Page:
11 Stunning Bridges From Around the World

Stephane De Sakutin/AFP/Getty Images
Stephane De Sakutin/AFP/Getty Images / Stephane De Sakutin/AFP/Getty Images

For much of the world, bridges are necessary for transportation. But these 11 structures are far more than functional—they're awe-inspiring works of art from end to end.


Its name translates simply to "Old Bridge," but don’t let that discount its inarguable beauty. Positioned at the narrowest point of the Arno River, the bridge's history reaches back as far as Roman rule. A massive flood spurred an all-stone rebuild in 1345. The bridge faced further floods and invading World War II forces, yet held strong. But one of its greatest assets is the line of shops that have long sat atop it. In the 13th century, everything from butcher shops to tanners and fishmongers filled the Ponte Vecchio. Their stinky waste polluted the river and fouled the air, so in 1593, Ferdinand defended the beauty of the bridge by only allowing goldsmiths and jewelers to set up shop there. Today, it's a popular tourist attraction, though perhaps best viewed at night when the lit windows from its shops give off gorgeous glow.



Construction on this three-tiered bridge aqueduct was completed roughly 2000 years ago. Designed to carry water from Nîmes over Gardon River, Pont du Gard was a model of function and design. Over the centuries, its waterways were clogged with debris, and so its aqueduct use was abandoned, though it thrived as a pedestrian walk for centuries. Today, this wondrous ruin measuring 902 feet long by 164 feet high is “the highest Roman construction in the world” and one of France's most popular tourist attractions, as well as a UNESCO World Heritage site.





Stretching 1125 feet high, this 2004 structure has earned the title of world's tallest vehicular bridge. The steel structure’s central pillar outreaches the Eiffel Tower. Its 1½ miles of lanes extend over the clouds that linger in the scenic Tarn Valley, giving drivers a uniquely thrilling sensation. The Millau Bridge cost a whopping $524 million to build in just three years, but was instantly embraced by the French nation. President Jacques Chirac appeared at its grand opening, and proudly declared it a "marvel of art and architecture."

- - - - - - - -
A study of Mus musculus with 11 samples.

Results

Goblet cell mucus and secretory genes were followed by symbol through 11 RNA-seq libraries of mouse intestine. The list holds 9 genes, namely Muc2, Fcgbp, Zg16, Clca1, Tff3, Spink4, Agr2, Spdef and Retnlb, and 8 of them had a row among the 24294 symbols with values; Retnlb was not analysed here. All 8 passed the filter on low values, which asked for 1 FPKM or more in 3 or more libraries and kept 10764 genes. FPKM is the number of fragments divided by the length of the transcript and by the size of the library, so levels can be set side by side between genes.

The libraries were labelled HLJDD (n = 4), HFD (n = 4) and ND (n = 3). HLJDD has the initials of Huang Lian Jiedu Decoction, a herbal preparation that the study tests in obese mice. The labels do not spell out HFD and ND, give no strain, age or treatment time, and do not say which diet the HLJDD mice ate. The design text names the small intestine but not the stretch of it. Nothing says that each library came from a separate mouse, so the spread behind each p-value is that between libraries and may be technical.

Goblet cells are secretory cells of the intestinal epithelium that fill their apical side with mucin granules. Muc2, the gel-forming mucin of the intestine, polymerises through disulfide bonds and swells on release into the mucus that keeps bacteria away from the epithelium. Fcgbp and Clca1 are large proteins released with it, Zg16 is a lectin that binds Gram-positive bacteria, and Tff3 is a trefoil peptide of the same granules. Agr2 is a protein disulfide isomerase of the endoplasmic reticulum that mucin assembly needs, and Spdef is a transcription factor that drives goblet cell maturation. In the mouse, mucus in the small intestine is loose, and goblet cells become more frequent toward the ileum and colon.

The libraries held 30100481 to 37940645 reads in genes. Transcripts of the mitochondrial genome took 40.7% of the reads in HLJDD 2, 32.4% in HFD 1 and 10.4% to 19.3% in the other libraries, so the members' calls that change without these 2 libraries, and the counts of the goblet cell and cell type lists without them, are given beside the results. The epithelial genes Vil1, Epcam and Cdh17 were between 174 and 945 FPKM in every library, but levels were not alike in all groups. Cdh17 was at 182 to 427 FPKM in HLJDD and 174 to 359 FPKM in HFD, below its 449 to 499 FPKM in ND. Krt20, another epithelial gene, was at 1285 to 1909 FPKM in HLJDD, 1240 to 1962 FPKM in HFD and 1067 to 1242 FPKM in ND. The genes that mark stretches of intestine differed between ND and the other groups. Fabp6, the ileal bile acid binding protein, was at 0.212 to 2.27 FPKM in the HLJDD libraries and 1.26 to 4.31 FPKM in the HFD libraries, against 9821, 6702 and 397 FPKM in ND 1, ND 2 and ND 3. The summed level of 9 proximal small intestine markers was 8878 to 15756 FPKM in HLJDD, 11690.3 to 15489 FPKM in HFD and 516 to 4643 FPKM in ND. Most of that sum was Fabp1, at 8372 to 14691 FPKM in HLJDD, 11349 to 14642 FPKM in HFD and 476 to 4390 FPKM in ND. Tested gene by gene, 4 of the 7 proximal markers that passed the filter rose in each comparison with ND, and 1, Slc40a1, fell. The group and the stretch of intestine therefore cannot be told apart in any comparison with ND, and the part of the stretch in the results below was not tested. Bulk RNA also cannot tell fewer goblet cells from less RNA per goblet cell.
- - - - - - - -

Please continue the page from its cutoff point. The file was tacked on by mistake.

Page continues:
One of London's most recognizable landmarks, the suspension bridge is striking not only in its Victorian architecture, but also its bascule element, which allows the center to divide and lift to usher passing ships through the River Thames. After eight years of work from 432 workers, the towering tribute to English diligence was completed in 1894. Since then, Tower Bridge has seen England's capital through two World Wars as well as grand celebrations like the Queen's Silver Jubilee, where its brown exterior was painted red, white, and blue. Today the towers on the bridge contain a popular exhibition, where tourists can explores its history, step inside its engine rooms, and even see the city from up high through its glass floor.









Now known as the world's longest navigable aqueduct, this water bridge took nearly a century to be realized. Because of the low levels of the Elbe that flows underneath, plans for the Magdeburg Water Bridge began in the early 20th century. But World War II halted progress indefinitely, and the rise of East Germany meant the plan's utter abandonment. However, German reunification after the fall of the Berlin Wall in 1989 renewed interest in this could-be bridge. Construction of the 3011-foot long water bridge lasted from 1997 to 2003 and cost 500 million euros. Along with its recordbreaking waterway, the bridge offers a generous footpath on either side that allows for breathtaking views.     



Built over the Zayandeh River from 1599 to 1602, this Safavid structure was originally known as the Bridge of Allahverdi Khan, after the general who commanded its construction. But as centuries passed, a new nickname arose speaking directly to its distinctive look: "The Bridge of 33 Arches." Within its 45-foot wide expanse, there's a narrow road built for carts modified for cars, and footpaths for pedestrians. Its interior walls are decorated by ceramic tiles, and once held erotic murals. But the latter have been lost to the centuries. Today, visitors are encouraged to come by Si-o-se Pol at night, when the lights make it an inviting spectacle against the dark sky.